Projects in Cognition and Individual Differences

Supervised by Penny Yee


Professor Yee will supervise one and two semester projects in areas of cognition and individual differences. One-semester projects will be completed in the Fall Semester, and will consist of an analysis (literature review) of original empirical research on an approved topic. Continuation of thesis work into the Spring Semester will be contingent on satisfactory performance in the fall.

Executive Control Processes
I am interested in understanding how people exert control over their conscious experience. How do we control and direct our attention? How do we ignore distractions? Ongoing projects examine attention and perceptual processes that affect performance in a variety of contexts. Recent projects have incorporated the use of eye-tracking apparatus to examine the association between eye movements and perceptual processes. A primary project examines eye-movement patterns of college-aged students with reported ADHD symptomatology as they complete a battery of detection and reading tasks. The goal of this project is to understand how executive control functions may differ for individuals who experience ADHD symptoms in adulthood. This project is conducted in collaboration with Professor Tara McKee.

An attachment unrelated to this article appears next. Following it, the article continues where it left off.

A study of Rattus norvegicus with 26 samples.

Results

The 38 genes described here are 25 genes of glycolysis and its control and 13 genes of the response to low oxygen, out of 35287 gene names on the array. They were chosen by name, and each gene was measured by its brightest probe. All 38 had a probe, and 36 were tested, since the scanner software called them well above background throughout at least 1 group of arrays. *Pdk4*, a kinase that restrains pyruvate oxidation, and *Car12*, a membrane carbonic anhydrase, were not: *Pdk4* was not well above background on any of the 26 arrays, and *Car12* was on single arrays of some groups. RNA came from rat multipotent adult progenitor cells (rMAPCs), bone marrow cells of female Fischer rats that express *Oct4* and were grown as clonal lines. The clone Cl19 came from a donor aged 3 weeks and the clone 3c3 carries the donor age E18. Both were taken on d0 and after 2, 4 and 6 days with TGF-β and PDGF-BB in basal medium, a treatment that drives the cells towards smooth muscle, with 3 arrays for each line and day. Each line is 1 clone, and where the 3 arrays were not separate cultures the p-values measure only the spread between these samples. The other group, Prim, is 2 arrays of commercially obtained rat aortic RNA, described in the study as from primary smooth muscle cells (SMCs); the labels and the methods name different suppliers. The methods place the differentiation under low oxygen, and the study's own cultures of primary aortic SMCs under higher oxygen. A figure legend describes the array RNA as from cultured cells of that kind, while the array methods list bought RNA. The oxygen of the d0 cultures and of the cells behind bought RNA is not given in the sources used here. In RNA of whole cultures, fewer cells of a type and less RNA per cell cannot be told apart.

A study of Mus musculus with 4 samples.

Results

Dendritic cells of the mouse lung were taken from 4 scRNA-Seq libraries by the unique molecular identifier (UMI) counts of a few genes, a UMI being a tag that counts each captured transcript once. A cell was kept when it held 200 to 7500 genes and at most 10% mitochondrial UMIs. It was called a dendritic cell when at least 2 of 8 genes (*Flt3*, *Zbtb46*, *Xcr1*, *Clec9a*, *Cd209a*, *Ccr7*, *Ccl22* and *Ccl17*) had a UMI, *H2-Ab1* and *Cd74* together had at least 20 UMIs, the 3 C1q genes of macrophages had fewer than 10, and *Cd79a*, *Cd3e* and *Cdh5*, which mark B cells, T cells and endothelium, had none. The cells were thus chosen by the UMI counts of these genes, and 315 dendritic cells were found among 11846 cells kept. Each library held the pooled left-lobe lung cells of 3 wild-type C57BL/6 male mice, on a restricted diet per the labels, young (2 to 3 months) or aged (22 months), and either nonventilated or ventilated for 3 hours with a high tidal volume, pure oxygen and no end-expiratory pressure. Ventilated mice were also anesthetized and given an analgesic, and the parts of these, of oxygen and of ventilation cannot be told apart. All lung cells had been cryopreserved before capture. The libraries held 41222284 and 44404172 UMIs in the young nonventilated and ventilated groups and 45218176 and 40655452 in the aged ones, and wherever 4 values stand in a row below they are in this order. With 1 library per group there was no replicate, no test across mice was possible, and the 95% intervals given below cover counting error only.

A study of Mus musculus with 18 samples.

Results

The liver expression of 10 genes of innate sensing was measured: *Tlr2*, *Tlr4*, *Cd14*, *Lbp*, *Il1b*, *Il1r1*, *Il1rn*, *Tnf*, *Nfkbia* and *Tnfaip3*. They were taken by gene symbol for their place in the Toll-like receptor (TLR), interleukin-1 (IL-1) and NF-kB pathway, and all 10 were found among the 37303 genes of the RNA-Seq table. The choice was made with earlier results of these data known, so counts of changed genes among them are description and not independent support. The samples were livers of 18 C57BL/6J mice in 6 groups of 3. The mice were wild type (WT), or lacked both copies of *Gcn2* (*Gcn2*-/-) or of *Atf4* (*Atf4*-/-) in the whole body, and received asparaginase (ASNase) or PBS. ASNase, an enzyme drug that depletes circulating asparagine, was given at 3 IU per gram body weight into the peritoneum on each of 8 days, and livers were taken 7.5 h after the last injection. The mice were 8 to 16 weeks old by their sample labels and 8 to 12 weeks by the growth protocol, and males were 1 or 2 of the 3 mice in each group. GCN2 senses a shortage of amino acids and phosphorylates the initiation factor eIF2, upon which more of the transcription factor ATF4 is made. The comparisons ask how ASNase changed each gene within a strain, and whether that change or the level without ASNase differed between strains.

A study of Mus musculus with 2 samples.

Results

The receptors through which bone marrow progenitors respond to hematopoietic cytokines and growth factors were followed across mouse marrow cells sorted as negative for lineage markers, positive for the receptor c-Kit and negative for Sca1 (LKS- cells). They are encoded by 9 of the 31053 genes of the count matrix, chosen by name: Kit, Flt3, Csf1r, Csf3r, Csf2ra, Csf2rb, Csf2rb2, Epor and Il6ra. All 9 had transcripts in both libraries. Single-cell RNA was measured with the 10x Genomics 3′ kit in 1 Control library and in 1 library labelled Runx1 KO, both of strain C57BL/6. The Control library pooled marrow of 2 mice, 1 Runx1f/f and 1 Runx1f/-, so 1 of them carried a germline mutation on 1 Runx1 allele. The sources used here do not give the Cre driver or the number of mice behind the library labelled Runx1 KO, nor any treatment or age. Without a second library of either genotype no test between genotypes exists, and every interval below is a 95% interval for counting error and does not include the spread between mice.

Mechanisms of Forgetting
An intriguing fact about human memory is that we forget. Contrary to our initial intuitions, forgetting can be an adaptive process. This research focuses on intentional forgetting, and projects explore the various mechanisms that give rise to forgetting. For instance, what mechanisms are involved? Is there a single mechanism or multiple mechanisms responsible for memory loss? Does forgetting demand cognitive resources; is it effortful, or is it something that just happens? Projects on these topics may be conducted in collaboration with Professor Mark Oakes.

Peer Relationships and Bullying: Development and Testing of a Self-Report Measure
Recently, a number of students have collaborated on a project examining the prevalence and development of relational aggression in early development through early adulthood. Projects have focused on the development of a self-report measure of relational aggression and social support in peer relationships and behavioral correlates of these variables (e.g., psychological adjustment, parental factors, etc.). Projects on these topics may be conducted in collaboration with Professors Greg Pierce or Jean Burr.